One-in-a-million heart condition may have caused 26-year-old’s death in Northampton

An inquest at Northampton General Hospital heard how a 26-year-old man died from an undiagnosed heart condition despite several visits to doctors. However a coroner found, the doctors would have been unlikely to have spotted a rare heart condition.

An inquest at Northampton General Hospital heard how a 26-year-old man died from an undiagnosed heart condition despite several visits to doctors. However a coroner found, the doctors would have been unlikely to have spotted a rare heart condition.


James Ford, of Lower Harding Street, had been to see doctors some 20 times in the year running up to his death complaining of chest pains, difficulty breathing and palpitations among a range of issues.

But despite going through four ECG examinations and three troponin blood tests, he was never referred to a specialist cardiologist.

Sadly his body was found by a flatmate at his two bedroom apartment in St Barnabas house at around 10.30pm on August 29, 2015.

The initial cause of death was given simply as a “cardiac failure,” but yesterday evidence given by consultant pathologist Elizabeth Sollieux led coroner Hassan Shah to amend cause to include what he called a “one in a million” genetic heart condition.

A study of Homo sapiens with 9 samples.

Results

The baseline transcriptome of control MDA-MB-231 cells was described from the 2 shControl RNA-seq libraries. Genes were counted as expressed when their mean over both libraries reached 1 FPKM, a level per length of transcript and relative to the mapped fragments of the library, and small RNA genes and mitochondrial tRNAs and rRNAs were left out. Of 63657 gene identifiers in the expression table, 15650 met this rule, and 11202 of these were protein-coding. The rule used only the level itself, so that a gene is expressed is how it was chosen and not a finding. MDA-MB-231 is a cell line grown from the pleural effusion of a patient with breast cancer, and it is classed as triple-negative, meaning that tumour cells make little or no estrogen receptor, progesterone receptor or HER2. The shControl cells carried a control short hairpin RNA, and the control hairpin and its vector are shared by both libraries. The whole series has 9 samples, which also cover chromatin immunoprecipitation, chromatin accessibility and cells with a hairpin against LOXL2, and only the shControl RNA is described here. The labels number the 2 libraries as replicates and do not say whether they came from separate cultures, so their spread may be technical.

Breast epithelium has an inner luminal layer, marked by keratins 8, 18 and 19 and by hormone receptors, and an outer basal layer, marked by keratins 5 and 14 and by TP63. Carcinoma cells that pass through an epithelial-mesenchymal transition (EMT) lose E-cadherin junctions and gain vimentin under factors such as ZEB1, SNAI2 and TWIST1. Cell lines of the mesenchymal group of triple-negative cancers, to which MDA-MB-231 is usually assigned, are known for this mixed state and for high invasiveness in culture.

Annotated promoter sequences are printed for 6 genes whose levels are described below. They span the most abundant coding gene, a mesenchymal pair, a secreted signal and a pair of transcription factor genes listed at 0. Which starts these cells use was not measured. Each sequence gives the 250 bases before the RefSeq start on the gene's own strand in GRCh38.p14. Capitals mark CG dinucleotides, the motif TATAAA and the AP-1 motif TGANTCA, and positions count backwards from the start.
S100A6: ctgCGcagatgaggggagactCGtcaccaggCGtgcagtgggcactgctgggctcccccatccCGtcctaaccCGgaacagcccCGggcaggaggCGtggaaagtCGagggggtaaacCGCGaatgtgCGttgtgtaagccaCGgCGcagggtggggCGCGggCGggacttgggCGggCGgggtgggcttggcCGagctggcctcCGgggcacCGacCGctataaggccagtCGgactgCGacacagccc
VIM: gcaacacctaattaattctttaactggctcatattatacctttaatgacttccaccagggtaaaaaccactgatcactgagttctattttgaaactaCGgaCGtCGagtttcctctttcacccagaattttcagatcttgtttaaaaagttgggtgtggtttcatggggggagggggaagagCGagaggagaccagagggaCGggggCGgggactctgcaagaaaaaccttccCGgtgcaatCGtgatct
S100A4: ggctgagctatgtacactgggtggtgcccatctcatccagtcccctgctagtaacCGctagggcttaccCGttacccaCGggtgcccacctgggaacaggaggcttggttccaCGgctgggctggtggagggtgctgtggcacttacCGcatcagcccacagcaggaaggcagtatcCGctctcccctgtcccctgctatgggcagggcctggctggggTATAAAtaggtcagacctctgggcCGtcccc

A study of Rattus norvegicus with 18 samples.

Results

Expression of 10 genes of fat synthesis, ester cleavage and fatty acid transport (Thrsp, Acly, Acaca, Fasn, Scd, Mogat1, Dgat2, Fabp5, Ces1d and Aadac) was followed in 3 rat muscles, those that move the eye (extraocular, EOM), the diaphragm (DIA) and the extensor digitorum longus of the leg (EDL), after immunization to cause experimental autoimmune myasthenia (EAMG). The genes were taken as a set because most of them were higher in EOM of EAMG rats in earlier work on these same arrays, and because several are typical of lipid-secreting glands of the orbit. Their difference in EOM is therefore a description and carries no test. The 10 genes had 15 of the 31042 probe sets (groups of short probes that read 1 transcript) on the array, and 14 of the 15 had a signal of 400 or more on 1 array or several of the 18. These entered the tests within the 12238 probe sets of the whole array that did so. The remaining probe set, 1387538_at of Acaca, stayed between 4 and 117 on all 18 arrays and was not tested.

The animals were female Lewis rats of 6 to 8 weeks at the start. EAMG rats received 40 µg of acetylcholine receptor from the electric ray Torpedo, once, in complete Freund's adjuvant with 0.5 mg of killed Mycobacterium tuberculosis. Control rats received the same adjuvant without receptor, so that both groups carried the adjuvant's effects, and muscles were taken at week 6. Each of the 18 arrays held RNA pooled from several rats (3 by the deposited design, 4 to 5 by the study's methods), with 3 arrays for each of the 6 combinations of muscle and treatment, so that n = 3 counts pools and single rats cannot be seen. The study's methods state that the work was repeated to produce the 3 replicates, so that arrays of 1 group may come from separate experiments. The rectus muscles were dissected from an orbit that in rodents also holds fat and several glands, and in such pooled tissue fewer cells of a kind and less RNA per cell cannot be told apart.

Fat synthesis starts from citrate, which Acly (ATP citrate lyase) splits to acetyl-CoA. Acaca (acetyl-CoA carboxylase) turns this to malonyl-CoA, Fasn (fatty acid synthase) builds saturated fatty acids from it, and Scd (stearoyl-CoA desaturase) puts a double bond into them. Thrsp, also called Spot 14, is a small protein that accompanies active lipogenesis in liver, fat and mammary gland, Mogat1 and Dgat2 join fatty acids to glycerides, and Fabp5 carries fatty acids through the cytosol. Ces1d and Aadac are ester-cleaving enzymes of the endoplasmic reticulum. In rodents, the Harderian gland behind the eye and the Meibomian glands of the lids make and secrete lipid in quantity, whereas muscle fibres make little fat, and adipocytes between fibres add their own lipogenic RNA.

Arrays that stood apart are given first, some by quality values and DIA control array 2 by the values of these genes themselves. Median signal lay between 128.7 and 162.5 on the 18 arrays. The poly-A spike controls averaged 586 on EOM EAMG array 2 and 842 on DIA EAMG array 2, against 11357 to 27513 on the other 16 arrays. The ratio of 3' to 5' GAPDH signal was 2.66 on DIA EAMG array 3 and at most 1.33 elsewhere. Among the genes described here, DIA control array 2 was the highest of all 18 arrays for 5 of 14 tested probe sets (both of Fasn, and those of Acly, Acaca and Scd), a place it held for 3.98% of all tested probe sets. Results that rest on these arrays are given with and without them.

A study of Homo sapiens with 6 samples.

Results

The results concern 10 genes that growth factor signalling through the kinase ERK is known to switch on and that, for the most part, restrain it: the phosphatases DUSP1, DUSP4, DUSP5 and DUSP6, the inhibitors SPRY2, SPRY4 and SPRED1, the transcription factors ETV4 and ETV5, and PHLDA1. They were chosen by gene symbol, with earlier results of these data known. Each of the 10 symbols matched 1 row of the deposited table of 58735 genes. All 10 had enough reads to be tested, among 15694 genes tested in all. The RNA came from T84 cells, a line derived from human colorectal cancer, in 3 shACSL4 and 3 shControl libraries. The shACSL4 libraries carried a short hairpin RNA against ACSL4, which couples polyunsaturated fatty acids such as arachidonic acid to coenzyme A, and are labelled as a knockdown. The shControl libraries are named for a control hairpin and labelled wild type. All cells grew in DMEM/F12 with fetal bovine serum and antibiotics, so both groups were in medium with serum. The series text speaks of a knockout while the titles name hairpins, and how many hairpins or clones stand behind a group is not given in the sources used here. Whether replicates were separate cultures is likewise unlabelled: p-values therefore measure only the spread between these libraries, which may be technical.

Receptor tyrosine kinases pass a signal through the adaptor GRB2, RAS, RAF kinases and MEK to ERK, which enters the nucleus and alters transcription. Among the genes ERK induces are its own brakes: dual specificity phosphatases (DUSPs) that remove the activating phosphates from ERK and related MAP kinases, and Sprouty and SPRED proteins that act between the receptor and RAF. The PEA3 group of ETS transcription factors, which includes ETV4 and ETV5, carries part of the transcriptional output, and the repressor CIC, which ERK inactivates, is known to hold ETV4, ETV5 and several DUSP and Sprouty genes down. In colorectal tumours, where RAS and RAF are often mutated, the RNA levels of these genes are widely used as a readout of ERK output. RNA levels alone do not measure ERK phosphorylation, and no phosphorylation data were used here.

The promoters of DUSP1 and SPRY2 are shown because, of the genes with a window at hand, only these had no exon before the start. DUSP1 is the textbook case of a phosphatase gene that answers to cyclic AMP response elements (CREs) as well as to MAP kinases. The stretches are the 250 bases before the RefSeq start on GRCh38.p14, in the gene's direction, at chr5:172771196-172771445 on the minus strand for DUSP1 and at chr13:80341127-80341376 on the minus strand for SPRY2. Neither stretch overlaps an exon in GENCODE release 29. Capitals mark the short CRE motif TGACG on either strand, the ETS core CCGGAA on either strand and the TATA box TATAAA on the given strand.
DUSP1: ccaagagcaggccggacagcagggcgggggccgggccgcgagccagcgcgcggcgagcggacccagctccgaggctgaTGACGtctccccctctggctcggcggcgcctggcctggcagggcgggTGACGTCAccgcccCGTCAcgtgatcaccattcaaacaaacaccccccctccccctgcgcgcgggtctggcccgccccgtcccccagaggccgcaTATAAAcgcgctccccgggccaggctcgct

The condition, “idiopathic left ventricle hypertrophy,” causes irregular beating of the heart but has almost no visible symptoms.

Mr Shah, in recording a verdict of natural causes, said: “The crux of the evidence I have heard suggests this would have been a condition that was very difficult to spot.

“If it was difficult to identify in postmortem when a pathologist can carry out an invasive investigation, it gives you an idea of how difficult it must have been to spot when that person was alive.”

Dad-of-one Mr Ford, who suffered from Aspergers, had only recently moved to Northampton having spent a spell in Portsmouth and grown up in nearby Hayling Island, Hampshire.

While the inquest mainly focussed on his interaction with doctors in Portsmouth - his final meeting with a GP was the day before he died at Maple Access, Northampton.

Doctor Anjali Bansal said Mr Ford appeared complaining of chest palpitations and sleep disruption and was told to book an appointment for another ECG on that occasion.

She told the inquest: “There was nothing in his history, in my examination, that made me think that he could be suffering from cardiomyopathy (heart disease).”

Shortly before returning his verdic, Mr Shah read out a statement from Mr Ford’s adoptive father, Christopher, at yesterday’s hearing.

“We miss him desperately,” the statement read. “Partly because we know he died not reaching his potential.

“But mostly because of our deep love for him.”